Tuesday, March 07, 2006

maternal taste

My first conscious memories associated with food begin around the time I first left Japan and went to live in the United States. I was about 5 or 6 and one of the things I remember clearly is a sheet of cookies, fresh out of the oven, left on the kitchen counter to cool. It was a plain sugar kind and I can still recall the taste of that still-soft, slightly undercooked dough. Very few Japanese homes had ovens then and I remember marveling that my mother had actually made something we always bought in stores. It was my first brush with American baking and the classic Joy of Cooking, which remained my mother's main source and reference during those early Washington (DC) years.

So when I think of my mother's cooking it's not the usual mainstays of ofukuro no aji (literally, maternal taste) or comfort-food standards like onigiri rice balls, lovingly packed with salted hands (in the metaphoric sense too.) What comes to mind, rather, is a gigantic lime-green Le Creuset pot my mother must have picked up in an outdoor market (this was before people in Japan even knew about the cast-iron French cookware) and the big, dynamic things she used to make in it, like clear oxtail soup or a rich stew of browned-beef and potatoes, even after our return to Japan.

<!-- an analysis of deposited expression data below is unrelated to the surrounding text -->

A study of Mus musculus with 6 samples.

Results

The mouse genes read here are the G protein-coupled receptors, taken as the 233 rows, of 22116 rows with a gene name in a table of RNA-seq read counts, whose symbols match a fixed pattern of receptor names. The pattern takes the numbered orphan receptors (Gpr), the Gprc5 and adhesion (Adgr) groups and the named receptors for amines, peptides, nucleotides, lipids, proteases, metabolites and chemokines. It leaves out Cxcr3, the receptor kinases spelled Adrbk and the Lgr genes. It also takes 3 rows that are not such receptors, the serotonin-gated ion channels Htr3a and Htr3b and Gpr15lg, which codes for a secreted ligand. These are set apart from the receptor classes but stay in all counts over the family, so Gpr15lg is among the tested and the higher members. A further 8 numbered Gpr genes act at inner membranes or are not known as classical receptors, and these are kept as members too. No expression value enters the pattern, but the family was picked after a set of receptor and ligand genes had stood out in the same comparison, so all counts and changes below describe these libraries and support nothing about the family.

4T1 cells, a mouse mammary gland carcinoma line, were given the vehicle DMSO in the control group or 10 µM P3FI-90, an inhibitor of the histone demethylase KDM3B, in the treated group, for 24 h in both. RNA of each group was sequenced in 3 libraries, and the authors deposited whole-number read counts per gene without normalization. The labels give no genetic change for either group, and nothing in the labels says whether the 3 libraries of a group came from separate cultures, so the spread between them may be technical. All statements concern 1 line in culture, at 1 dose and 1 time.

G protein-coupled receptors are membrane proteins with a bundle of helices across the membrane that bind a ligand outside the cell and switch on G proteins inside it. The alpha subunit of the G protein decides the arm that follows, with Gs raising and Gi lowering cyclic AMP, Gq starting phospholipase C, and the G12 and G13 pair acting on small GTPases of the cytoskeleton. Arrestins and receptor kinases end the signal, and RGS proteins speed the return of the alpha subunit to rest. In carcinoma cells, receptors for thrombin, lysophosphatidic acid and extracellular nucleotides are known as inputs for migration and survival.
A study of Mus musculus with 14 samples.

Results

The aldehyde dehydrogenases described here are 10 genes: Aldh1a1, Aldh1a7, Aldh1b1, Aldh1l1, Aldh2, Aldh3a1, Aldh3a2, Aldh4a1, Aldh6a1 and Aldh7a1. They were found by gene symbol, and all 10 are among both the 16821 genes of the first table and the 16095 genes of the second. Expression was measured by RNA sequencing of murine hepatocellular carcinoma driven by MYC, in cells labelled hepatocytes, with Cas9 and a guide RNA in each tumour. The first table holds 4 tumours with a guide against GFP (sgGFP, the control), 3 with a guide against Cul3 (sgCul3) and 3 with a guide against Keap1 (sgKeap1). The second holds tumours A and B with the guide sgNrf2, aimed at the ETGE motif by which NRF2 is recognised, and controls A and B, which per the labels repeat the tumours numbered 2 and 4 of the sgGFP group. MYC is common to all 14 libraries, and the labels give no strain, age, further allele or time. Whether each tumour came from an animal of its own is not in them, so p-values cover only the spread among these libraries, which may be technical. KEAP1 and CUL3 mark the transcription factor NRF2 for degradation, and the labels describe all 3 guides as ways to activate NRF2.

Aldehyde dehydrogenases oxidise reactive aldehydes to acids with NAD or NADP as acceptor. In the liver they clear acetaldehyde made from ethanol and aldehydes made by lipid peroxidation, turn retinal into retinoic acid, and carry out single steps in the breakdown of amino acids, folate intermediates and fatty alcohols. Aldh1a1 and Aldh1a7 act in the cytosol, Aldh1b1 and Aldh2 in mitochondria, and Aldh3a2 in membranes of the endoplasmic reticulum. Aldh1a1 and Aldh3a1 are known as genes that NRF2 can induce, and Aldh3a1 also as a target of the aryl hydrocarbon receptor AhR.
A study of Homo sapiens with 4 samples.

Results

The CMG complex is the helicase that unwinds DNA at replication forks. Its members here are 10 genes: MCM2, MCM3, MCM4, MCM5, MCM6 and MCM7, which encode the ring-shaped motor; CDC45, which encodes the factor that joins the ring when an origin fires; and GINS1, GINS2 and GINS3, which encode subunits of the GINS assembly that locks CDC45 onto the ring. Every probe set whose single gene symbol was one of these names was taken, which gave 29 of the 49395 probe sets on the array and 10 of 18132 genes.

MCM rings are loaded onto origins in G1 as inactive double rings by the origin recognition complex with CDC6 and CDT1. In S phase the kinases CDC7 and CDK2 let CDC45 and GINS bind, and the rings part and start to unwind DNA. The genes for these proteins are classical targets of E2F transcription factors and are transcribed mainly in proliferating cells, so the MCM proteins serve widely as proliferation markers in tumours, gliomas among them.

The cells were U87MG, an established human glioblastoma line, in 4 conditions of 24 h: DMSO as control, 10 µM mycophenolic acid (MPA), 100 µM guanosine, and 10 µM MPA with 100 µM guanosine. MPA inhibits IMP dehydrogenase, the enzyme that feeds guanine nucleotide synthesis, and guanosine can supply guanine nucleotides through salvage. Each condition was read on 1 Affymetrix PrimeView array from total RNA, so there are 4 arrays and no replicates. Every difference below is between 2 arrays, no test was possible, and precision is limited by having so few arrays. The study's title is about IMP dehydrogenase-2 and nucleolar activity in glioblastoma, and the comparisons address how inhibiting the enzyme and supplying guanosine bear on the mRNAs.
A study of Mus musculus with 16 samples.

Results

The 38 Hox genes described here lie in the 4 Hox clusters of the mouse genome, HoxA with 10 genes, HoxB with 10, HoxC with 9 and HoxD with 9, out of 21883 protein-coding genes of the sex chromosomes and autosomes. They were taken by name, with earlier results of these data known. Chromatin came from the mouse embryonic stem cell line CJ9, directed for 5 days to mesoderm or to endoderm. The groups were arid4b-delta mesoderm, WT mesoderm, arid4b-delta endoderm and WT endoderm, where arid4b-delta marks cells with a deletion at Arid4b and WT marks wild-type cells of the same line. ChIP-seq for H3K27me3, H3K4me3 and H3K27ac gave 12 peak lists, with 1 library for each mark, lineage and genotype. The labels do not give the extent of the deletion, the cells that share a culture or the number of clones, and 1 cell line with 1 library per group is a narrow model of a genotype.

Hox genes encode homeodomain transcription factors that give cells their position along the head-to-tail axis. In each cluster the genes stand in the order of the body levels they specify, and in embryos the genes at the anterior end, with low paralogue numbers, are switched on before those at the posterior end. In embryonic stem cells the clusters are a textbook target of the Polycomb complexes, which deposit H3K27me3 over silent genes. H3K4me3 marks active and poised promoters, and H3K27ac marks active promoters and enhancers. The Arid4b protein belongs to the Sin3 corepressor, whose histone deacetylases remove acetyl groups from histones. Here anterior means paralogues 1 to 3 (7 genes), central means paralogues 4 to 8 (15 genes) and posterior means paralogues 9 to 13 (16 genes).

I think for my mother cooking was essentially a diversion from her work as a science researcher. She always had her antennas out and if something caught her interest, in people's homes or elsewhere, she would ask for the recipe or guess at ingredients and techniques, then go home and effortlessly re-create it. "Your mother is a good cook because she has brains," my grandmother would tell me.

If my mother's food tasted of new places and new people, my grandmother's cooking was all about nourishment and family. Each time I visit her she makes my favorite things and does the same for all of her four children and eight grandchildren. One of her specialties is tempura. I must've watched her a hundred times: breaking the egg into the flour, adding ice and water, giving it a deft turn with a pair of chopsticks. She would then drop into the batter slices of maru-nasu, round eggplant plucked minutes ago from the garden, or dew-fresh baby bamboo shoots that a neighbor had dropped by with that morning. She would stand in front of the oil, frying up batch after batch of crisp, golden tempura. We would sprinkle them with salt or dip in soysauce with grated daikon and gobble them up as fast as they arrived.

"Tempura is best when piping hot," she would urge. I never saw her eat it herself. She feasted instead on the shining, eager faces around the table and the collective sigh of contentment that followed. For me tempura represents a continuity with the past and above all, my grandmother's vast reservoirs of love.